The End Product
So how does that come about?
Tony Biagi is a postmodernist, in life and how he applies his craft as a winemaker. Among his many unique talents is his ability to synthesize traditional techniques with cutting-edge theory—a classicist/modernist yin and yang. He approaches winemaking as an artist informed by science, accepting there is certain alchemy in winemaking that may never be fully understood.
Tony explains, “Think of making wine as assembling a complex puzzle, and each puzzle piece has a synergistic response to the other. Change any one of the pieces and you change the entire picture. We want the picture to have particular focal points and counterpoints. Within each vintage, we make minute decisions in our farming and winemaking based on the differences each year brings—shaping each puzzle piece—to give us the most vivid, multidimensional picture: with our Cabernet Sauvignon, for example, a pure black fruit piece for depth, a tangy acid piece for lift, a color piece to fit with a tannin piece to influence refined structure; one to smooth texture, one for length, one for aromatics, and so on…Then, we go about marrying the individual pieces together as early as we can and give them 22 months in French Oak, allowing them to integrate into a whole.”
As demonstrated in his debut 2012 vintage with Hourglass, Tony approaches the puzzle from the center, building his wines from the inside out. He first establishes a classic structural core, using the most cutting-edge means possible to encourage tannin and color to bond in a tight weave. “That tannin/color relationship is critical to everything else we do; we go to great lengths in our vineyard practices, maceration protocols and cellar procedures to encourage that,” he explains. Once the weave is refined, Tony builds mouthfeel around it with layers of silky textural depth, emphasizing the purity of fruit expression. “I want my wines to be rich, but if that’s all they are they become one dimensional and monotonous,” he outlines. To that end, Tony wires richness against acidity and minerality, bringing energy into the equation. This counterpoise results in a sum that is alive on the palate while deep in concentration.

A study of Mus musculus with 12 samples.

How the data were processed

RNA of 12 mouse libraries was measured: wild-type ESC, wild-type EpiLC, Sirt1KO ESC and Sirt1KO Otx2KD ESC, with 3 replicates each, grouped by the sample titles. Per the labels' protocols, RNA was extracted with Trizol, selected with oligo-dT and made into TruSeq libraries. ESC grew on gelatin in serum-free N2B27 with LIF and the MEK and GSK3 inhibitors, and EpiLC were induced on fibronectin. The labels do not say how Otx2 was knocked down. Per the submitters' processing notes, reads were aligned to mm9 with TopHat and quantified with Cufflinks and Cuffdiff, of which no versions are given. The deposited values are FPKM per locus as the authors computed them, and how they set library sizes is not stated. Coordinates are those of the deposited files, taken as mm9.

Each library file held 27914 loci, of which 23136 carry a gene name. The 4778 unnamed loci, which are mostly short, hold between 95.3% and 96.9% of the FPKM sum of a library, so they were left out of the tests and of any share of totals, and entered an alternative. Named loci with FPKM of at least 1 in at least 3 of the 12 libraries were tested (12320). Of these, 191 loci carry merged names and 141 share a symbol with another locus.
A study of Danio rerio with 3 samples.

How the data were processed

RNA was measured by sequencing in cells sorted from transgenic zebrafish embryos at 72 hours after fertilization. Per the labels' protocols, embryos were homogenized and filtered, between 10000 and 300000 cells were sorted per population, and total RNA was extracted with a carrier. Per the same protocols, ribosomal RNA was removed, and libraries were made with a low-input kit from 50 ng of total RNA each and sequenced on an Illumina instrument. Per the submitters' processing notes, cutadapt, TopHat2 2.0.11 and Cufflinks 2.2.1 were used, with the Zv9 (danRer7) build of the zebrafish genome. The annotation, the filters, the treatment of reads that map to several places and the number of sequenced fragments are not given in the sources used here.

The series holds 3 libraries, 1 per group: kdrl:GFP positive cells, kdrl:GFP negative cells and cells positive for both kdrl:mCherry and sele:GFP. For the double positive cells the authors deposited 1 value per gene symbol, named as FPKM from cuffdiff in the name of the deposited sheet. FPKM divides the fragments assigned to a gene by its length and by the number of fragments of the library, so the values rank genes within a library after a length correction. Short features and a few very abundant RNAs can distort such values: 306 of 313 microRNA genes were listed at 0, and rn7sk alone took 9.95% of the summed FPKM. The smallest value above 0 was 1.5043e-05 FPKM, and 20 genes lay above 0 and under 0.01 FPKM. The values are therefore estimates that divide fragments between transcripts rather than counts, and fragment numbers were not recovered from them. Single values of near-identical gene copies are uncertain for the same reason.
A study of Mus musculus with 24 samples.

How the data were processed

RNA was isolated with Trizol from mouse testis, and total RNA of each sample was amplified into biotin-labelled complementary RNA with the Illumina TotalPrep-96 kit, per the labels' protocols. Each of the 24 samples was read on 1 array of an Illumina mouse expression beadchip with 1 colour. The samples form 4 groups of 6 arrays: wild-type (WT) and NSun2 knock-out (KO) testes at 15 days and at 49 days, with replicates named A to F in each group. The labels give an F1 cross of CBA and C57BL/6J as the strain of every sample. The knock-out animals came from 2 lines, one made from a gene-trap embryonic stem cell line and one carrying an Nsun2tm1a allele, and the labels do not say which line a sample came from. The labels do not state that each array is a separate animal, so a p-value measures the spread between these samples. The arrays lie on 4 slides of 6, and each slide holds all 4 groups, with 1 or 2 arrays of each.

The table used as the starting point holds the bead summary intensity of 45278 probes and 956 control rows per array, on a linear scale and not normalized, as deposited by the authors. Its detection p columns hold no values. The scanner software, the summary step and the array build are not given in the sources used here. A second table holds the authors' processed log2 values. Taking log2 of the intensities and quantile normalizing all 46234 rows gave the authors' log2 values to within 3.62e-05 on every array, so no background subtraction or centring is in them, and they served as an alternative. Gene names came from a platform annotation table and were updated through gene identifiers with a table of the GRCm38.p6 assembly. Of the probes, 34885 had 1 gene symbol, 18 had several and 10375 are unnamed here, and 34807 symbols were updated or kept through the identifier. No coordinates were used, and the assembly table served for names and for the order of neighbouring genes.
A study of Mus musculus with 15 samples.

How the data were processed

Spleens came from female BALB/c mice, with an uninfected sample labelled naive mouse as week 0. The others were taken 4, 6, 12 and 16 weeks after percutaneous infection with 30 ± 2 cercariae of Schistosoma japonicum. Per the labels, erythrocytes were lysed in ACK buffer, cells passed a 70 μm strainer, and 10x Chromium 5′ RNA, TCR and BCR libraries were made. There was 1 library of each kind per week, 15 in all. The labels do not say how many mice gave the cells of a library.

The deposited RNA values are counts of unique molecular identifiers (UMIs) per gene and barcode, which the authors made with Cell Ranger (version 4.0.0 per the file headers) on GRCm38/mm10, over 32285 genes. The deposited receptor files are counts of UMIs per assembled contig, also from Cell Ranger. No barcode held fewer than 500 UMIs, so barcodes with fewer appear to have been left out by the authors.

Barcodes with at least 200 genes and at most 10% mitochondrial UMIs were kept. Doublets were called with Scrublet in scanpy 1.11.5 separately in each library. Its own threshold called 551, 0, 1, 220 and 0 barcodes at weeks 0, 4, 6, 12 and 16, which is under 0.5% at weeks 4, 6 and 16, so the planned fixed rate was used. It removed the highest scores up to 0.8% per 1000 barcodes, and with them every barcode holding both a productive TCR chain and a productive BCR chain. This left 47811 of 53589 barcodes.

Meeting through a tasting group of Napa’s most promising young winemakers, Jeff and Tony discovered a synergy of ideas and quickly developed a “mutual mentorship” as they call it. “We both had 20 years under our belt and had followed the pendulum swing of ripeness Napa experienced. We have learned a great deal in the process and have very clear ideas about what we want to retain and what we want to refine,” Jeff notes.
Jeff continues by pointing out, “We’re in a refinement phase of what we started some 20 years ago. Our objective is to farm to very precise moments when grape chemistry is in balance. The goal is not to chase some mythical ideal of a vineyard’s ‘ultimate expression of terroir,’ as if that occurs magically. The objective is to find our ultimate expression of that vineyard. Terroir is real, but it’s subject to interpretation. We drive to find a balancing point where the vineyard delivers the dialectic puzzle pieces we are looking for. If we get that right, Tony has what he needs to work his
Science, art and intuition merge to create the wines of Hourglass. Starting in the vineyard and ending in the glass, the process is a seamless continuum; the wine, a beautiful, ever-evolving entity.